Arts & Culture » Dvd

Soccer studs are 'the perfect couple'

by Brian Bromberger

Aaron Altaras plays gorgeous, dark-haired soccer player Leon Saldo in "Mario." Photo: Steven Underhill
Aaron Altaras plays gorgeous, dark-haired soccer player Leon Saldo in "Mario." Photo: Steven Underhill  

If you wonder why so few current professional athletes come out of the closet, you'd do well to watch "Mario," released on DVD by Wolfe Video after a successful screening at Frameline. This film reveals the psychological and romantic toll taken on players who deny their sexuality both to themselves and the people around them, not to mention the license it gives for team homophobia and management cowardice. "Mario" doesn't offer any solutions to these problems, but does expose the harsh reality of toxic masculinity and the sports world's resistance to letting players be their authentic selves, which winds up sacrificing talent in the name of profit.

Mario Luthi (Max Hubacher) is a young player in the Bern Soccer Club in Switzerland, training hard to advance to a professional league in Germany. Suddenly he is confronted with a new striker from Hanover, Germany, the gorgeous, dark-haired Leon Saldo (Aaron Altaras), who is competing for the same promotion. Seeing an advantage in putting them together, the club assigns them to share an apartment as roommates, giving Leon a place to live and Mario freedom from traveling back to his rural home. This gives him some needed distance from his father coach, who lives vicariously through him. Initially wary, they become friends. Mario's father announces cluelessly, "They're the perfect couple on the field." So preoccupied with soccer he is oblivious to his orientation, Mario even makes a platonic girlfriend out of his BFF Jenny (Jessy Moravec). Mario and Leon become lovers after a night of beer and videogames, but know they must keep their affair secret. Mario does come out to his father, who is rejecting, and his mother, who is supportive.

Inevitably, word leaks out about their romance, with a porno picture attached to Mario's locker and bullying from teammates (hot guys in bona fide football scenes), leading to a meeting with the club management, who claim not to care about the gay issue but are worried about cohesion, the sponsors, fan reaction, and the team's public image. Mario, with the support of his agent, repudiates the anonymous allegation, and starts being seen in public with women, adopting Jenny as his beard. Leon also denies the affair, but, long comfortable being gay, is increasingly uneasy with remaining closeted. He resents the taunts of his teammates, which ultimately lead to a confrontation. He sees his relationship with Mario as love ("I don't care what they say"), not just sex. Mario, wanting to achieve his lifelong dream, is willing to compromise, leading to a rupture with Leon. Having convinced the club he is straight, they advance him to a professional team in Germany, with Jenny coming along as both support and cover for him. What will happen to Mario and his relationship with Leon?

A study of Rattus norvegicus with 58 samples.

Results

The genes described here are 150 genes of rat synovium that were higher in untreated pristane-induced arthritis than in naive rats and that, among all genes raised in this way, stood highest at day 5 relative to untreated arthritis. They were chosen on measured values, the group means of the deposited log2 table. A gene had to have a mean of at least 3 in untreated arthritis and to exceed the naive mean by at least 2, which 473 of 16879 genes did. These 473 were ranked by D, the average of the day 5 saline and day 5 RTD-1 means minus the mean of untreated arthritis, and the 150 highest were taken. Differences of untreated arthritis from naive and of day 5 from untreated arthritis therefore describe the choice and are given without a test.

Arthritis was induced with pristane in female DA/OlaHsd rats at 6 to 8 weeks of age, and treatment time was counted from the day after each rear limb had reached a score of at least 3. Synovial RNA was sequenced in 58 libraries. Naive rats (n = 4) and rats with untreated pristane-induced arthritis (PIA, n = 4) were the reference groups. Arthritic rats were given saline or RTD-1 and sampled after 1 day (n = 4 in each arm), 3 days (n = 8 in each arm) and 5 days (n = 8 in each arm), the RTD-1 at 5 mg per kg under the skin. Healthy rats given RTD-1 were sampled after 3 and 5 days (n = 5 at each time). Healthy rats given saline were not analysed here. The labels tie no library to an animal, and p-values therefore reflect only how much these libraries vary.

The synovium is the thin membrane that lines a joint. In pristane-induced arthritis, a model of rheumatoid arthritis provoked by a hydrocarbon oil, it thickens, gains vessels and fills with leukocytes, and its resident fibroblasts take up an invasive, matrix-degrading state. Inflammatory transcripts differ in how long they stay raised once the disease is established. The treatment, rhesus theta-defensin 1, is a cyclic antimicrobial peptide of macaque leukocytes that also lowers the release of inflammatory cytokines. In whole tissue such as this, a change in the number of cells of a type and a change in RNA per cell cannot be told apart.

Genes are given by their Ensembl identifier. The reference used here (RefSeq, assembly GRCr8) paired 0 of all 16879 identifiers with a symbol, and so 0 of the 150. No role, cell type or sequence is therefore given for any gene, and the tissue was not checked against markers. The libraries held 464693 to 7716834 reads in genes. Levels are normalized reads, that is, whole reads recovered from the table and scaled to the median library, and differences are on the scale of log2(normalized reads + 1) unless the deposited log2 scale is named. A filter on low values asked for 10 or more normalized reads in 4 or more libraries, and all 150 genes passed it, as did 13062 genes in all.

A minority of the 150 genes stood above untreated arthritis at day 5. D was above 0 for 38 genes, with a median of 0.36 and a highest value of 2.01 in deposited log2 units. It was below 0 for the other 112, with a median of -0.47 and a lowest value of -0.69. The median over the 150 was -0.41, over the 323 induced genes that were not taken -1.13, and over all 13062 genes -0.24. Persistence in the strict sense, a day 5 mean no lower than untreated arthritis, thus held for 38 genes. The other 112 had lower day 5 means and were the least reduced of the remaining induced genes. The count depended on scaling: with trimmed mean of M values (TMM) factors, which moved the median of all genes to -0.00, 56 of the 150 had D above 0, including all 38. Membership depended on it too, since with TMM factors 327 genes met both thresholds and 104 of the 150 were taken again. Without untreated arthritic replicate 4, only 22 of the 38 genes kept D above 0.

Co-screenwriter and director Marcel Gisler made the well-regarded documentary "Electroboy," about gay model, party organizer, and electronic music composer Florian Burkhardt. He invests the picture with conviction and authenticity. At two hours, "Mario" is a bit long, but it never drags because of the sizzling chemistry between Hubacher and Altaras. You really care whether their relationship can be salvaged. In some ways this is a conventional movie about forbidden romance, somewhat predictable yet heart-wrenching. But it effectively illustrates the pressures applied to young athletes to conform and put their careers ahead of any private satisfaction.

Both Hubacher and Altaras exude charisma. Hubacher won the Swiss equivalent of an Oscar, and Altaras skillfully captures the sheer exhaustion and exasperation of living a lie. Both actors are thoroughly believable in their erotic sensuality, honesty, and loving tenderness in how they interact with each other. The situation between the characters is so painful because it is so realistic. While the struggles of the gay athlete remain primary, they don't overwhelm the joyful moments of two young men discovering love.